Incubator farm sparks global journey for Semora native

Jillian Mickens stands in a specialized structure at her Open Doors Farms outside Prospect Hill where she grows cold-hearty lettuce, cilantro, flowers, and other produce.

Semora native and organic produce farmer Jillian Mickens recently returned from 12 weeks in Brazil as a part of North Carolina Tobacco Trust Fund Commission Agriculture Leadership Development Program through NC State University and in two weeks, she’ll leave for Texas to learn more about agriculture.

“My world of farming is a microcosm, but the program gives me a sense of farming overall. I got to meet people who have farmed their whole lives and then in Brazil I got to see it times 10, because of how enormous the farms are there. I have a new understanding of what competition North Carolina commodities farmers have to face and I got to see what one little farm like mine means in the whole global market because we’re so interconnected.”

Starting with an incubator farm in Breeze through Orange County Extension, Mickens and her husband Ross have been farming for seven years, the last four of which at their own “Open Doors Farm,” outside Prospect Hill.

Mickens said she and Ross would watch documentaries and became influenced by popular press media on agriculture, learning more about where their food comes from. Then they started gardening, attending conferences, and “lost their minds” thinking they too could farm. They purchased 43 acres in Cedar Grove, mostly wiry trees and craggy.

Bit by bit, he a software engineer and she a student, they cleared and settled the land. Five acres is used for their own farming, producing on less than two acres at a time, rotating, and growing year round. Several areas have been separated and leased out to other farmers.

“Incubator farms vary in what they offer and when I went through the program, it was near bare minimum, offering us land and equipment with only a little education behind it.”

Since then the program in Breeze has expanded and now, the Caswell County Commissioners will hear about incubator farms at the Feb. 18 regular meeting as a part of a proposed Pelham Agriculture Education and Enterprise Center.

“I’ve always been interested in politics and feel that my type of farming is underrepresented,” said Mickens. “Another huge thing was going to Washington, D.C., where we met our representatives, talked about agriculture topics, and then went to the N.C. State Legislature. Before I didn’t know how to engage in addressing policy issues. With this experience, I now have a better sense of how to make it happen in the future.”

Mickens is on the Carrboro Farmers Market Board and is involved in the Carolina Farm Stewardship Association nonprofit in Pittsboro that promotes local foods and lobbies agriculture policies.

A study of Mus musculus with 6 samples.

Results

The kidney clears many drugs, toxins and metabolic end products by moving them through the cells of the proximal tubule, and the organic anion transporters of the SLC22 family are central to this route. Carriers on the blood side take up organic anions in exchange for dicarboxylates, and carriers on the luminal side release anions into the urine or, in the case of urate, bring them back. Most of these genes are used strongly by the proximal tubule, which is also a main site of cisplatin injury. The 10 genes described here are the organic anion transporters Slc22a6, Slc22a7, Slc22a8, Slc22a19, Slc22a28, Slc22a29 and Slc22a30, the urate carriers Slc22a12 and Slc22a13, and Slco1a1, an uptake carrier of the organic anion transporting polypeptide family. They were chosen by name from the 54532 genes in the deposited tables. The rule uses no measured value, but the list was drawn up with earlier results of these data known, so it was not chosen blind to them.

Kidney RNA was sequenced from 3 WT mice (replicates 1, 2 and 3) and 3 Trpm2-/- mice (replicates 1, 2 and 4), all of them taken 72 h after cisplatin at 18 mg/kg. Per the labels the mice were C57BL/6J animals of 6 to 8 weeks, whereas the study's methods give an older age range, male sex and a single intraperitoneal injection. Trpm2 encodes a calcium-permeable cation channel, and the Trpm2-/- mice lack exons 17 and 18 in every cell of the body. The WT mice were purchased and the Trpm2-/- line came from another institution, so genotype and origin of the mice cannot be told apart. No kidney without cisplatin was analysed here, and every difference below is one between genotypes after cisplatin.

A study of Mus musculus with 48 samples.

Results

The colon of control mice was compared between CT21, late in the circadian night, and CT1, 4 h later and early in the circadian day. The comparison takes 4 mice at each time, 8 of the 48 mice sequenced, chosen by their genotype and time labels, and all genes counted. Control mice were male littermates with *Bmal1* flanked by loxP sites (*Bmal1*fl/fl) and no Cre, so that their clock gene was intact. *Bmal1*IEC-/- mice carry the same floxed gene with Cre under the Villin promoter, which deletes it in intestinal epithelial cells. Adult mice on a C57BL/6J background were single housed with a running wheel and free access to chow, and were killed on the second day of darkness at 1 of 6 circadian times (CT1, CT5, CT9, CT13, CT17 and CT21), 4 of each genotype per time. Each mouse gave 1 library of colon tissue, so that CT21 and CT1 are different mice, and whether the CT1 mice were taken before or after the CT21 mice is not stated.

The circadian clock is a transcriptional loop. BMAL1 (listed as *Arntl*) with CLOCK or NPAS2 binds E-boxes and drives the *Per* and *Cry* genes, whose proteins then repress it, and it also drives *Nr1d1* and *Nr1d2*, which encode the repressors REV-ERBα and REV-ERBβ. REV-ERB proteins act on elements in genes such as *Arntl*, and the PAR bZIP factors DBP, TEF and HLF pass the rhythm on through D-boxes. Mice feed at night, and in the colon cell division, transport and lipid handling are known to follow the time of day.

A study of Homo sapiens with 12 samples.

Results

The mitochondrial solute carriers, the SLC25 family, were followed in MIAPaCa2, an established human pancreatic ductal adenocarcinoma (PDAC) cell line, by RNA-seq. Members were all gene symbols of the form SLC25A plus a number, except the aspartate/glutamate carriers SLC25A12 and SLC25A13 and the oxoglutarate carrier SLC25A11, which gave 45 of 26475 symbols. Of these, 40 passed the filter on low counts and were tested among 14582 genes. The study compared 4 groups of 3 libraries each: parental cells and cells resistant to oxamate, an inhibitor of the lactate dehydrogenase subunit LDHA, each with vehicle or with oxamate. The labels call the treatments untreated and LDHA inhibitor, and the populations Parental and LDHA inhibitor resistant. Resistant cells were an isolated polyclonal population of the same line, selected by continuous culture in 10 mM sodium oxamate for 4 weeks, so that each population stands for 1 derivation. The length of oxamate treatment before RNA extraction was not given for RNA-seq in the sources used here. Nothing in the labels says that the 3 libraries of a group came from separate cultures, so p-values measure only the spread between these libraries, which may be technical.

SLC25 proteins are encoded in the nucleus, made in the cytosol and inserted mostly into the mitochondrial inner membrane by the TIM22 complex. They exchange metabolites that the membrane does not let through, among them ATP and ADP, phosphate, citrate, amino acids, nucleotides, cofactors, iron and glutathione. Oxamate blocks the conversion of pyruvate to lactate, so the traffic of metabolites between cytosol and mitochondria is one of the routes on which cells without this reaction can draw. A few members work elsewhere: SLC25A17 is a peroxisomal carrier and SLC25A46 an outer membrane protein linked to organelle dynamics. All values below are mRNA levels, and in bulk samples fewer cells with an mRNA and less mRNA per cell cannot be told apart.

Mickens treats college students and startups who visit Open Door Farms.

The leadership development program has two main objectives, Micken said; professional development so N.C. farmers may be leaders in their communities or in their realm of agriculture; and exposure to agriculture in North Carolina, domestically, and globally.

In the leadership portion, Mickens said personality tests help participants understand who they are as a person and how they interact with employees, community, family, and people in general.

The program was originally funded in the 1970s by Philip Morris during the tobacco buyouts to better transition tobacco farmers to do other things, she said.

“It has evolved over time to include someone like me, a woman and super small scale farmer and not just row-crop farmers. But most of the people in the group were large-scale commodity row-crop farmers, cotton, soybean, wheat, corn, and tobacco.”

In the north of Brazil, Mickens and her group looked at soybeans and cotton.

“The farms are so enormous you can’t even imagine,” she said.

In South Brazil, they watched tobacco produced in ways comparable to Caswell County’s heritage past.

“On the last day, we went to a farmers market and looked at produce, but it was the second largest wholesale distributor market in the world, or something like that. There is a ton of agricultural diversity in Brazil and we didn’t see it all, but it was still awesome to see,” said Mickens.

Prospective participants must be nominated by past participants or industry leaders.

Open Door Farm welcomes anyone who wants to learn how food is grown.

They sell cold-hearty cabbages and lettuce, cut-flowers such as late winter roses, artisanal duck eggs, organic carrots and other produce.

Mickens is the daughter of Tammy Carter, Caswell Local Foods Council president.